Home / Regulatory & Government / FSI response receives cautious welcome
26 October 2015
The Turnbull Government has accepted most Financial System Inquiry recommendations, which will be implemented “in stages over the coming years”, according to Treasurer Scott Morrison.
One key measure is ensuring consumers receive “professional and fair treatment from advisers and financial product and service providers”.
“The Government will raise professional, ethical and education standards for financial advisers,” Mr Morrison said.
“Subject to transitional arrangements, advisers will be required to hold a degree, pass an exam, undertake continuous professional development, subscribe to a code of ethics and undertake a professional year before they can advise clients.”
The Government has promised to hold a “roundtable with key stakeholders” to discuss professional and educational standards.
National Insurance Brokers Association (NIBA) CEO Dallas Booth is concerned his members may be caught in the “financial advisers” net.
“NIBA is taking steps to clarify whether these [education] requirements will apply to general insurance brokers,” he said.
NIBA is also concerned about how the Government’s intention to strengthen product issuer and distributor accountability will affect brokers.
“The Government will implement recommendations that will require product manufacturers (insurers) and distributors (brokers and others) to take responsibility for the design of those products, and the impact the products will have on the target consumers,” Mr Booth said.
He welcomes the Government’s commitment to undertake “detailed consultation on the development of these new legal principles” and other proposed regulatory changes, noting “many of the proposed reforms… will be quite technical when it comes to implementation”.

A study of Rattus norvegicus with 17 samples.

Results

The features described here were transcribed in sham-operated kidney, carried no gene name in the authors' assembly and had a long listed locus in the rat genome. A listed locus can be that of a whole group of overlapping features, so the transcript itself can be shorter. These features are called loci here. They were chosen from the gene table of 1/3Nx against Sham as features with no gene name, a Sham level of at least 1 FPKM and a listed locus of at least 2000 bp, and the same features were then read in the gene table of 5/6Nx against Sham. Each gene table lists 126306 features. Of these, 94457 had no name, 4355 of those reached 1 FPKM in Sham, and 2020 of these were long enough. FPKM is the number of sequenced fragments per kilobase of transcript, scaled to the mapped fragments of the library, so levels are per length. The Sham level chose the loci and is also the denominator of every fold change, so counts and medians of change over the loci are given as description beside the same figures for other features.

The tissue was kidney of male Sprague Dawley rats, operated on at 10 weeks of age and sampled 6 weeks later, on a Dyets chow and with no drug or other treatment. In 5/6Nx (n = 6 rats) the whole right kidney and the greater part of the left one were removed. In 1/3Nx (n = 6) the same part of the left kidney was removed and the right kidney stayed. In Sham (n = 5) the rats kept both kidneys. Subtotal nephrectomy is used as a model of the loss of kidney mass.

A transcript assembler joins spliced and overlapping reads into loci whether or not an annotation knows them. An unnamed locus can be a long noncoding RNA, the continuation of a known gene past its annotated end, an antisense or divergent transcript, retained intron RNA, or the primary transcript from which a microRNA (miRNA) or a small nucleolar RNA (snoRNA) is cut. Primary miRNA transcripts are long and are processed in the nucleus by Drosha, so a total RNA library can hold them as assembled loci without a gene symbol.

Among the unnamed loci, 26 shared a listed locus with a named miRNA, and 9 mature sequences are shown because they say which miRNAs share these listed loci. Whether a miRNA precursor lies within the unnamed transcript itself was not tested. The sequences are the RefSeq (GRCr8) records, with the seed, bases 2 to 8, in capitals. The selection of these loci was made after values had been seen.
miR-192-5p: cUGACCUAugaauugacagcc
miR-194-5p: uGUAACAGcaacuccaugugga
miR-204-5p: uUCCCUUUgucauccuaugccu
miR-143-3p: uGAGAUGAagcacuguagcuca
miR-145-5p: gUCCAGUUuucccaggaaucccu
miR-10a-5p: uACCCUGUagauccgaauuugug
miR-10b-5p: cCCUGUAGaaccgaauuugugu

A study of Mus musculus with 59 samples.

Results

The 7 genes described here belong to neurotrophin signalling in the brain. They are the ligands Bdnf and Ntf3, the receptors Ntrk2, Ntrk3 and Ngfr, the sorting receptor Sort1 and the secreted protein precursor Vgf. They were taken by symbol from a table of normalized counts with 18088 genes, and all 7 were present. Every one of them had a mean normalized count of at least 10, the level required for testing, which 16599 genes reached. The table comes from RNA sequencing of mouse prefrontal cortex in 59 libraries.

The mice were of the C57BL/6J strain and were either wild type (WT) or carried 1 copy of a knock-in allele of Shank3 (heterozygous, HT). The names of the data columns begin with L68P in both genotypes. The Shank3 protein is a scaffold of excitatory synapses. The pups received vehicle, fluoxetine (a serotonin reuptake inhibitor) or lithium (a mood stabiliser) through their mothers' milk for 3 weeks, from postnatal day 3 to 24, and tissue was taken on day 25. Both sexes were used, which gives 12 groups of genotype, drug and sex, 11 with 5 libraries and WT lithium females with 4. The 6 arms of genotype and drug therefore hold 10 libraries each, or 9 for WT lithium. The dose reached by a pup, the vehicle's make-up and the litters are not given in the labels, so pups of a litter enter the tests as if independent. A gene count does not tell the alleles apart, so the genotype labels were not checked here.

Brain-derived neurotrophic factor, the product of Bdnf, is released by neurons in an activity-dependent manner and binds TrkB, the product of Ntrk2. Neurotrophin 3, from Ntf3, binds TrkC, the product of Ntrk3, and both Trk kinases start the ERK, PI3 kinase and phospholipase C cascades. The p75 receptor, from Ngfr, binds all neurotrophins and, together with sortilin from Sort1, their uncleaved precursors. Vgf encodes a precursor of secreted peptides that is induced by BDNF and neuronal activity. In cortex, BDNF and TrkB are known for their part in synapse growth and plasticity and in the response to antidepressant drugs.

“As always, the devil will be in the detail, especially in relation to the proposed new obligations on product manufacturers and distributors,” Mr Booth said.
The Insurance Council of Australia (ICA) says it’s pleased the Government “accepts that the overall regulatory settings for general insurance are satisfactory and require little intervention”.
The inquiry report makes just one recommendation relating specifically to the general insurance industry, which is to improve guidance including tools and calculators, and disclosure, especially on home insurance.
“The Government agrees to support industry-led initiatives, including supporting specific proposals put forward by industry, to increase guidance and disclosure in general insurance, recognising that work is already under way,” the government says in its response.
ICA established its Effective Disclosure Taskforce in July. Led by insurance lawyer Michael Gill, it is examining the role of disclosure documents and consumer experience, including guidance, sum-insured calculators and advice provided by insurers when people buy products.
Mr Whelan believes “several” other recommendations to be implemented by the Government may have “significant implications for insurers and their customers”.
ICA supports the recommendation to strengthen product issuer and distribution accountability, but argues “such an obligation is [not] necessary for general insurers, nor would it provide practical consumer benefit”.
It is also concerned at the recommendation for the Australian Securities and Investments Commission (ASIC) to have product intervention power, to enable it to modify or ban harmful financial products where there is a risk of significant consumer detriment.
The Government has promised “detailed consultation with stakeholders” before finalising the new power’s terms.
“ASIC and the general insurance industry already have a co-operative and constructive dialogue in relation to compliance issues,” Mr Whelan said. “ICA… will seek to ensure any intervention measures are restricted to exceptional circumstances and significant breaches of the law.”